The Government has appointed former HBOS head of intermediary business Grenville Turner as an adviser on housing policy.
Communities secretary Eric Pickles hired Turner, who left HBOS in February 2006 after 30 years with the bank and is currently Countrywide Group chief executive, as non-executive director to the Department for Communities and Local Government on £15,000 a year.
HBOS was forced into a merger with Lloyds Bank in September 2008 and the Government later bailed out Lloyds Banking Group taking a 42 per cent stake.
The parliamentary commission on banking standards report, An accident waiting to happen: The failure of HBOS, published last April, attacked its “higher risk, non-standard” and “excessively confident” mortgage lending.
Turner became Countrywide chief executive in January 2007 and has worked in banking and property for 38 years. Countrywide floated on the stock market in March last year, valued at £750m, with Turner reportedly making more than £10m.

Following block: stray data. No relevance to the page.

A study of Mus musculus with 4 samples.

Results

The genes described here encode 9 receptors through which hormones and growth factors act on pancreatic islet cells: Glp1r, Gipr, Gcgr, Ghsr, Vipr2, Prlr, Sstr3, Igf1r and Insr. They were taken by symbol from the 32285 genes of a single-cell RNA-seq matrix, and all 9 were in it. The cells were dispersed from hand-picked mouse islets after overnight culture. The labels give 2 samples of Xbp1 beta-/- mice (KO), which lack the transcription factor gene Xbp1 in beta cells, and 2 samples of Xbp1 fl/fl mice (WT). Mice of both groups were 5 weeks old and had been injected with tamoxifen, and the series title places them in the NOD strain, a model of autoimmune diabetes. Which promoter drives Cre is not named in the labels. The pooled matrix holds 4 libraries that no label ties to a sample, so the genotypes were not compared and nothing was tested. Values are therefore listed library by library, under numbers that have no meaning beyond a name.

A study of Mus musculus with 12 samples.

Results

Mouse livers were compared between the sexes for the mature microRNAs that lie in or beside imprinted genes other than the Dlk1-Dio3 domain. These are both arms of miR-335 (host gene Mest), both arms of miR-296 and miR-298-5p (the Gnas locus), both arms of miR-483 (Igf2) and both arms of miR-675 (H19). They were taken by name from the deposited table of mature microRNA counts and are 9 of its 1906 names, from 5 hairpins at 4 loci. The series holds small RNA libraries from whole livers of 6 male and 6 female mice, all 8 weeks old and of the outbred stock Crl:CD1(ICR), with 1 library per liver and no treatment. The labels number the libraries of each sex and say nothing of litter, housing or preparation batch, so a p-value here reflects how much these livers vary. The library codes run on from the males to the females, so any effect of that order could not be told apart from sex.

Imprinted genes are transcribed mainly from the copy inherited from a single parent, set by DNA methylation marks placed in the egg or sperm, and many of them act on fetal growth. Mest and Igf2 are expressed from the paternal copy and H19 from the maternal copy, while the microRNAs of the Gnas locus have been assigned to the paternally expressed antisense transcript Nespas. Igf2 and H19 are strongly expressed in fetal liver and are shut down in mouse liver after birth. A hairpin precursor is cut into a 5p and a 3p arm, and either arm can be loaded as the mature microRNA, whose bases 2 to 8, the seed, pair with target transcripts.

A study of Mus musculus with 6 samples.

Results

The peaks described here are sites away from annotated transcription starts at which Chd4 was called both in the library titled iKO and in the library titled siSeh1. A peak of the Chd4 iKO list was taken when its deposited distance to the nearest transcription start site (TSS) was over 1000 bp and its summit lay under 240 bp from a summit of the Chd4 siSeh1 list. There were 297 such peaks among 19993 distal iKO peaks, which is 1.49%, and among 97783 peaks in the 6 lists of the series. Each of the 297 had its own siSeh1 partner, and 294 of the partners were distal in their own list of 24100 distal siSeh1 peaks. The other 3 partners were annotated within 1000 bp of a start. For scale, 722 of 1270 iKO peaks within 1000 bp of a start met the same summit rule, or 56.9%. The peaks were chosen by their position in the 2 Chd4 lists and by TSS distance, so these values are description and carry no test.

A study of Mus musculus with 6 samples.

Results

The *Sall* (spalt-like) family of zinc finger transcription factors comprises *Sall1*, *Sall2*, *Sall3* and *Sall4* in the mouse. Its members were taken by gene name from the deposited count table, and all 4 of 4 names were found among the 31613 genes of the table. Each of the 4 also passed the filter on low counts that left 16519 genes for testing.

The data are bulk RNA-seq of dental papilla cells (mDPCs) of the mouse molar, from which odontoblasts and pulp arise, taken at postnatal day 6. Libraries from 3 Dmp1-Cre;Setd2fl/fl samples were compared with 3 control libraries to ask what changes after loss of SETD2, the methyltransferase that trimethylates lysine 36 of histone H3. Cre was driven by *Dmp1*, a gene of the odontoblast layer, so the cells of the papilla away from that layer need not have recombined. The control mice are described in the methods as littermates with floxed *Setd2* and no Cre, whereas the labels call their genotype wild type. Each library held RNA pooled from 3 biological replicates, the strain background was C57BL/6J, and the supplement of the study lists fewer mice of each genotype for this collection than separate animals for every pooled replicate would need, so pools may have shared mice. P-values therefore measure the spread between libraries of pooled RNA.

Ahead of the IPO Countrywide was forced to set aside £25m to deal with claims for allegedly over-valued properties.
The DCLG board advises and supports ministers on the operational implications and effectiveness of policy proposals and helps to turn policy from ideas into actions and results.
He will alongside other non-executive directors Sara Weller, Stephen Hay and Nick Marham.
Permanent Secretary Sir Bob Kerslake says: “I am pleased to welcome Grenville as Non-Executive Director for the Department. He brings with him a wealth of knowledge and experience which will be an asset to the Department. We are looking forward to having him on board.”
Turner says: “I am looking forward to joining the DCLG board. I hope that my experience and knowledge of communities and the property sector will allow me to make a valuable contribution to the DCLG.
”I look forward to working with my colleagues on the board to enrich the debates within Government and regulators when devising policies and plans to ensure we create vibrant and cohesive places for people to live and work.”